A timer is a control device that outputs a signal at a preset time after an input signal is received.
1. Time setting knob
2. Time unit selector
3. Time range selector
4. Operating mode selector
Note: A variety of time ranges can be set with the H3CR-A using the time unit selector and time range selector.
The pointers on the timer do not move along with time as the hands of a clock do. Time progression cannot be discerned. Therefore, two operation indicators are provided on the upper left of the timer to identify the timer status.
5. Run/Power Indicator (Green)
Run indicator: Indicates whether the time is being clocked or the time has been reached.
Power indicator: Indicates whether power is being supplied to the timer.
Fundamentally, the indicator will be lit when the power is being supplied and will flash when the time is being counted.
6. Output Indicator (Orange)
Used to see the status of the output. Lit when a signal is output.
The operating mode determines the output method to use when the set time has been reached.
The following four basic operating modes are the most commonly used.
An operation in which a timer receives an input and then the output signal is output by the switching of the timer contacts after a set time delay is called "ON-delay operation."
This name is used because there is a delay between when the input signal is received (i.e., turns ON) and when the output signal is output.
ON-delay operation is the operating mode most often used for automated machines.
When you get in your car, the ceiling light turns ON when the door is opened. The light remains lit for several seconds after you get into the car and close the door.
The light remains lit to avoid the inconvenience of having to search for the car keys in the dark.
The ceiling light turns ON at the same time the door switch turns ON by opening the door. The light remains lit even when the door switch is turned OFF by closing the door. In other words, the ceiling light turns OFF after a set time delay. This type of operation, in which the output turns ON at the same time as the input and then the output turns OFF when the timer contacts switch after the set time has expired (with the set time being calculated from when the input turns OFF) is called "OFF-delay operation."
This name is used because there is a delay between when the input turns OFF and when the output turns OFF.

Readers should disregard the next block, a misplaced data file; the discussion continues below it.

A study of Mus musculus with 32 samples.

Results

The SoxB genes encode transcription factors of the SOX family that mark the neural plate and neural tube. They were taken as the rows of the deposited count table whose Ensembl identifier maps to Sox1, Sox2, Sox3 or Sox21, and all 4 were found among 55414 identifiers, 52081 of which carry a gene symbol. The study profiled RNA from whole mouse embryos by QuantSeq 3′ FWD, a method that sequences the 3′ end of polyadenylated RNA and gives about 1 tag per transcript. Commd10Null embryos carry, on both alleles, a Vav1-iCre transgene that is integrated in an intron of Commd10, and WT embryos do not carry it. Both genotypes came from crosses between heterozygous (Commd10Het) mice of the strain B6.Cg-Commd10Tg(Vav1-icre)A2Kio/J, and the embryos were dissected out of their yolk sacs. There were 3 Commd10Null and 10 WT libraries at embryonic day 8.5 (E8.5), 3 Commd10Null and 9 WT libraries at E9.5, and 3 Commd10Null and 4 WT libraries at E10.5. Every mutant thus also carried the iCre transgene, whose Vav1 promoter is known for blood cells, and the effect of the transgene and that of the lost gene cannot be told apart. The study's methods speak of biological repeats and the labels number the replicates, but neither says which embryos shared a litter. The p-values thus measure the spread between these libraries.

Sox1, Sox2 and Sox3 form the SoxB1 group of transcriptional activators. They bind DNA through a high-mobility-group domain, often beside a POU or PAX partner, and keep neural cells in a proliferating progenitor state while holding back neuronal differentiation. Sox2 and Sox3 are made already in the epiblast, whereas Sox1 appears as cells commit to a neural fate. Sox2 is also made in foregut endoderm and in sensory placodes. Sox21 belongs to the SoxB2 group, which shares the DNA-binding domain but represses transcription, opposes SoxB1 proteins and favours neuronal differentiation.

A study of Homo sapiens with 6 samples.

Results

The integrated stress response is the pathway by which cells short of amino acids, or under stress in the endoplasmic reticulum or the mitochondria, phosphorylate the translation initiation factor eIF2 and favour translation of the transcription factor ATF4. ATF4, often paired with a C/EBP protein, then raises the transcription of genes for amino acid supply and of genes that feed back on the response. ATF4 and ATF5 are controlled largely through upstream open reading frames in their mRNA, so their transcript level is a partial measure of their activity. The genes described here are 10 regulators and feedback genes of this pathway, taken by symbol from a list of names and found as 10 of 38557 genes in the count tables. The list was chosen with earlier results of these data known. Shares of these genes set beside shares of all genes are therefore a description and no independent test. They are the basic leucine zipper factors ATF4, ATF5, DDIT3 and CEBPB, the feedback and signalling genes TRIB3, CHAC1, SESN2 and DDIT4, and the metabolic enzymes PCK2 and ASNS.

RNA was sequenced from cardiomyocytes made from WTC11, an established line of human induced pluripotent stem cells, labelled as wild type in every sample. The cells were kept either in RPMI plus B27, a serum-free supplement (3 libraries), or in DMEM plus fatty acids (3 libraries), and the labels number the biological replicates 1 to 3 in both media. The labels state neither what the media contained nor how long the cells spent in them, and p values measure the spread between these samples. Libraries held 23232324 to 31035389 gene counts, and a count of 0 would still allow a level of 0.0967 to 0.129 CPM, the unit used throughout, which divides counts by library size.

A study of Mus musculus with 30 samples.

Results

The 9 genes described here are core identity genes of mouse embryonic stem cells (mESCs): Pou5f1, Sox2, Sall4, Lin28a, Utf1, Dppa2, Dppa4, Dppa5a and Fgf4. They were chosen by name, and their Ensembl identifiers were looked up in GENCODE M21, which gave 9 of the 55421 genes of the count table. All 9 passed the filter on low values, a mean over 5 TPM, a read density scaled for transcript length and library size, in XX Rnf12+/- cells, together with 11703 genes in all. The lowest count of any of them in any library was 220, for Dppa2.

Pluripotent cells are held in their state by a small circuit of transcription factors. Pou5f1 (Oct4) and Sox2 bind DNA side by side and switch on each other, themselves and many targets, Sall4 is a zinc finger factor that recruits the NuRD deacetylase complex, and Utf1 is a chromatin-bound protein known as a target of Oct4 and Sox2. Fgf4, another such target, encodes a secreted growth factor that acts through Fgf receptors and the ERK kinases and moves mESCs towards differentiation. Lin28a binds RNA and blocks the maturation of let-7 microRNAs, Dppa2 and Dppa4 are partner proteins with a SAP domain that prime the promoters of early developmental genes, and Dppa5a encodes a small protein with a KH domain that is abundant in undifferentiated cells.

An operation in which an output repeatedly turns ON and OFF once an input is received (as shown in the time chart at the left) is called "flicker operation."
The water is repeatedly released and stopped at intervals of two minutes.
An operation in which the input and output turn ON at the same time and the output turns OFF after a set time (as shown in the time chart at the left) is called "interval operation."
There are two starting methods for the operating modes.
Example: ON-delay Operation
Signal ON-delay operation:
The time clocking starts when the input section receives an input while voltage is being applied to the timer power supply section.
Power ON-delay operation:
The time clocking starts when voltage is applied to the timer power supply section.
Operation will not be stable unless a brief period elapses after the power supply is turned ON to the timing section of the timer.
Power supply start: Operation is unstable because the time clocking starts at the same time that the power supply turns ON. Therefore, deviation will occur in the operation time immediately after starting the Timer.
Signal start: Stable time accuracy is ensured because voltage is applied to the timer before starting the Timer.
The accuracy of the signal start is generally considered better.
For some models, however, such as the H3CR, there is no change in accuracy.
Note: Accuracy is the correctness of the time.
Models with a signal start require three external inputs, so they have many terminals.
Models with a power supply start (H3CR-A8) are the H3CR Timers most often used for automated machines.